Short Term 12 Screen 16 articles

Short Term 12

2013


  • Seem to be alone in quite liking the final act, if only because the most original wrinkle is that the counsellors are formerly-damaged products of the system themselves, so the less well-adjusted they are, the less complacent the film looks - and most of it looks way too complacent.

  • Perhaps the most promising thing about Cretton, though, at least going by this one feature film under his belt, is his generosity of vision and the refreshingly wide emotional range that vision admits.

  • Cretton achieves a perfect synthesis of style and content when so many others working now seem to have an unnecessary gap between the two. Most importantly, Short Term 12 offers an alternative on the portrayal of twenty-somethings: Grace, and her colleague and lover Mason, are complex, selfless, thoughtful people operating as adults.

  • Written and directed by Destin Cretton, the film seems better than the stock quirks with which it saddles its characters... There's tremendous dramatic value to the aching and sometimes devastating scenes that home in on these kids' private torments.

  • It never approaches the affective intensity of Allan King’s... Warrendale, nor does it seem to emanate from a mind with as strong a grip on the inherent expressivity of mental unrest as with Cassavetes’s A Child is Waiting. This isn’t to suggest that Short Term 12 fails within the parameters of what it tries to do. On the contrary: it is rich enough with both compassion and technical competence to impress viewers, even if it doesn’t push the envelope.

  • Stylistically indebted to the mumblecore movement, Cretton’s film about a children’s group home in California transcends the navel-gazing excess of said genre, expanding its view to the wider and more complex world. Though the sun-washed style and hand-held camera work isn’t revolutionary, Cretton’s finely written script eschews easy sentimentality and the intentionally erratic pacing strips the film of predictability.

  • [The] hackneyed coincidence [where it's revealed that Grace has had a traumatic past just like everyone she counsels] bulldozes the sense of verisimilitude Cretton and his actors had been working so hard to establish. Which is a real shame, because Short Term 12’s first half, which concentrates on mundane interactions between kids and staff (who are practically kids themselves, barely out of college), is engaging enough that it didn’t need cranked-up, “this time it’s personal” melodrama.

  • Not all of this works, especially the overly familiar history that she shares with a new resident, Jayden (a fine Kaitlyn Dever). “Short Term 12” started out as a short movie and that may help explain why some of the narrative complications feel forced rather than organic. Yet even as the gathering melodramatic storms threaten to swamp this pungent slice of life, Mr. Cretton manages to earn your tears honestly.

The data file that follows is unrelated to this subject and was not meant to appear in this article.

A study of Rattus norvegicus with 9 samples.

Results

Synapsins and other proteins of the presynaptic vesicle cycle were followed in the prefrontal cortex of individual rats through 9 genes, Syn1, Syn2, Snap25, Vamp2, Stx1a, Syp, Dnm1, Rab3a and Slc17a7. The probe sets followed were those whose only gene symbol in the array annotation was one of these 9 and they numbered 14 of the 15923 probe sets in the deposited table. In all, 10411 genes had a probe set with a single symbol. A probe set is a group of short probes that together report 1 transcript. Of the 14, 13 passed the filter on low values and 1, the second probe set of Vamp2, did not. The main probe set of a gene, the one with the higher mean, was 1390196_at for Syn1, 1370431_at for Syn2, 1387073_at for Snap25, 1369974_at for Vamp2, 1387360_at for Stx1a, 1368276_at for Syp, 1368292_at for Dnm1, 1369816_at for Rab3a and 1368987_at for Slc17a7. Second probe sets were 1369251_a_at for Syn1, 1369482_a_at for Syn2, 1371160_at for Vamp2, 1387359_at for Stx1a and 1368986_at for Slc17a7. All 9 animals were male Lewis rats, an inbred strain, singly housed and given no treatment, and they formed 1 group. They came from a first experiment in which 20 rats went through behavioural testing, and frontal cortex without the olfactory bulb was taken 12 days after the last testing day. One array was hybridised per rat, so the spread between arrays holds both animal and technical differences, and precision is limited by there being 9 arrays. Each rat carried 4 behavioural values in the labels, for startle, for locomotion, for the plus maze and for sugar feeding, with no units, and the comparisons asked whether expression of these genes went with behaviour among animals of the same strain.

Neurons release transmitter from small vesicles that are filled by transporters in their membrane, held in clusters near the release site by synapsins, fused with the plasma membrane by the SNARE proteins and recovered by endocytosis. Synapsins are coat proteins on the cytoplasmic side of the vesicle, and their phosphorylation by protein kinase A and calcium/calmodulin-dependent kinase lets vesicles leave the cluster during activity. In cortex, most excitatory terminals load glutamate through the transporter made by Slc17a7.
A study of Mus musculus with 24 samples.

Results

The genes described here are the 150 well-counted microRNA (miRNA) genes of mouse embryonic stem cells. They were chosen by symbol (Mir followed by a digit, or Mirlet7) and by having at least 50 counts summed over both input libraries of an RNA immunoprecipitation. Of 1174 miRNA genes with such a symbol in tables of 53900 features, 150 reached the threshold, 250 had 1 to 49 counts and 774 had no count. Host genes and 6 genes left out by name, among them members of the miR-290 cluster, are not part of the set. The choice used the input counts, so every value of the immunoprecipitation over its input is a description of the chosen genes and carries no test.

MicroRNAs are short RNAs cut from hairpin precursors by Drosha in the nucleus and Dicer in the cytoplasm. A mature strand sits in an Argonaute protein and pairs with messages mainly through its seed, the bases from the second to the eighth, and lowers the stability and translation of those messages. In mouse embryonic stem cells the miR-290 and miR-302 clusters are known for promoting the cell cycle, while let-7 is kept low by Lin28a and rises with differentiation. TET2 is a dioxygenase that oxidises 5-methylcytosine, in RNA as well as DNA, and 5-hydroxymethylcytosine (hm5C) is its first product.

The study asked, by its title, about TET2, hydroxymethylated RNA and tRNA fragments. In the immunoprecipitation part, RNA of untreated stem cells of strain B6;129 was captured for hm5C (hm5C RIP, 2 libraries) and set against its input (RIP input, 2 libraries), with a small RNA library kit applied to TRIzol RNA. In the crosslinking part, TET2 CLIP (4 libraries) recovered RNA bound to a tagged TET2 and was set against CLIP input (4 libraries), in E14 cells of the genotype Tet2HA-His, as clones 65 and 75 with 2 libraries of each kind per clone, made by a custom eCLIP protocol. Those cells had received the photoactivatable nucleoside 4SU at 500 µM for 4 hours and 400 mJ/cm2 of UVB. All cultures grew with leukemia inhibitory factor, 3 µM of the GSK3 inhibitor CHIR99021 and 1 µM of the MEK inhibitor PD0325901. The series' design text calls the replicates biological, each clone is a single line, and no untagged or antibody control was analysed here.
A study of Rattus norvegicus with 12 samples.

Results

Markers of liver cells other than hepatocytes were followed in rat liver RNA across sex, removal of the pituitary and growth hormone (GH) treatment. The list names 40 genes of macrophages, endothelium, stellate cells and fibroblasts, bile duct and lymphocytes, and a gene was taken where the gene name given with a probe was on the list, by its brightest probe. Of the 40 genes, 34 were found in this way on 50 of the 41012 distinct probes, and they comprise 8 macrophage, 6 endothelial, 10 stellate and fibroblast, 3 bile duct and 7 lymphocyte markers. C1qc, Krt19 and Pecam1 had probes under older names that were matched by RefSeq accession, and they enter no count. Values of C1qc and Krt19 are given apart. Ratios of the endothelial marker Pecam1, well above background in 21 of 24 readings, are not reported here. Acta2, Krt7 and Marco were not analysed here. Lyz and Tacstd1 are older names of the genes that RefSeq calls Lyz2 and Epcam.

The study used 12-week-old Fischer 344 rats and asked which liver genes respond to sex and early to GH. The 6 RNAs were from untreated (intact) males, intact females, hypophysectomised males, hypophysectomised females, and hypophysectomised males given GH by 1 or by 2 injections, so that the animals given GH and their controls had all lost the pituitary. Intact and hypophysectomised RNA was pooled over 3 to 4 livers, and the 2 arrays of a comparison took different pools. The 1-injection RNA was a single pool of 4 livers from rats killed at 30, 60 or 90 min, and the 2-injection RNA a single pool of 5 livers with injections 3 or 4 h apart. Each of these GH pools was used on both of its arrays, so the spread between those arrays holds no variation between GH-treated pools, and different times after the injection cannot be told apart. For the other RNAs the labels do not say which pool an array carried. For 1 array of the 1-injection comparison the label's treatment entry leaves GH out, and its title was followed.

• The instantly absorbing low-budget drama “Short Term 12” has more than a hint of after-school special and more than a hint of prime-time teen soap – and I mean those things in the best possible way! It’s both a compelling group melodrama built around an appealing young cast and an immersive introduction into a social reality many of us haven’t thought about...

  • Short Term 12 is an earnest film that tries hard to be honest and direct about the suffering of children. Despite the heavy subject matter, the film never bogs down into the daily grief it depicts, but maintains a jaunty current of humor that counterbalances its melodramatic content.

  • Cretton and his remarkable young actors convey not only the challenge of caring for abandoned children with behavioral problems, but of caring for _these_ children with _these_ problems. By understanding the charges as individuals, we're able to sympathize with their issues, even laugh benignly at them.

  • This is a powerful human drama told with great honesty and compassion, Cretton's unsentimental direction enabling him to hit upon a truth that puts his film in the same class as likeminded student-teacher parables, Half Nelson being the most obvious touchstone.

  • The teens in their care fit a familar, tightly defined array of ethnicities and personalities, but Cretton—who worked in such a facility—narrowly skirts the risk of stereotyping through the force of imagination. His dialogue is wondrously energized, suggesting impulses and experiences that range far beyond the confines of the plot’s problems, and Grace and Mason... remain passionately loose-ended and casual, embodying the rare ideal of peaceful people you’d follow into battle.

  • One of the few major finds to come out of SXSW, Cretton’s feature adaptation of his 2009 short takes primo After-School Special material and leeches out most of the soap-operatics and syrup; you’d have to go back to Half Nelson to find such a beautifully organic combo of spot-on performances, tough-love storytelling and tender treatment of deep-rooted emotional damage.

  • Short Term 12... resonates so strongly thanks in large part to its mosaic of absorbing performances by experienced actors and newcomers alike. Their faces and words express so much, and Cretton asks us to listen carefully. We get to know them well, their vulnerabilities, weaknesses and strengths. In the end, we see them not as individuals, but pieces of a flourishing extended family that’s always welcoming to new members.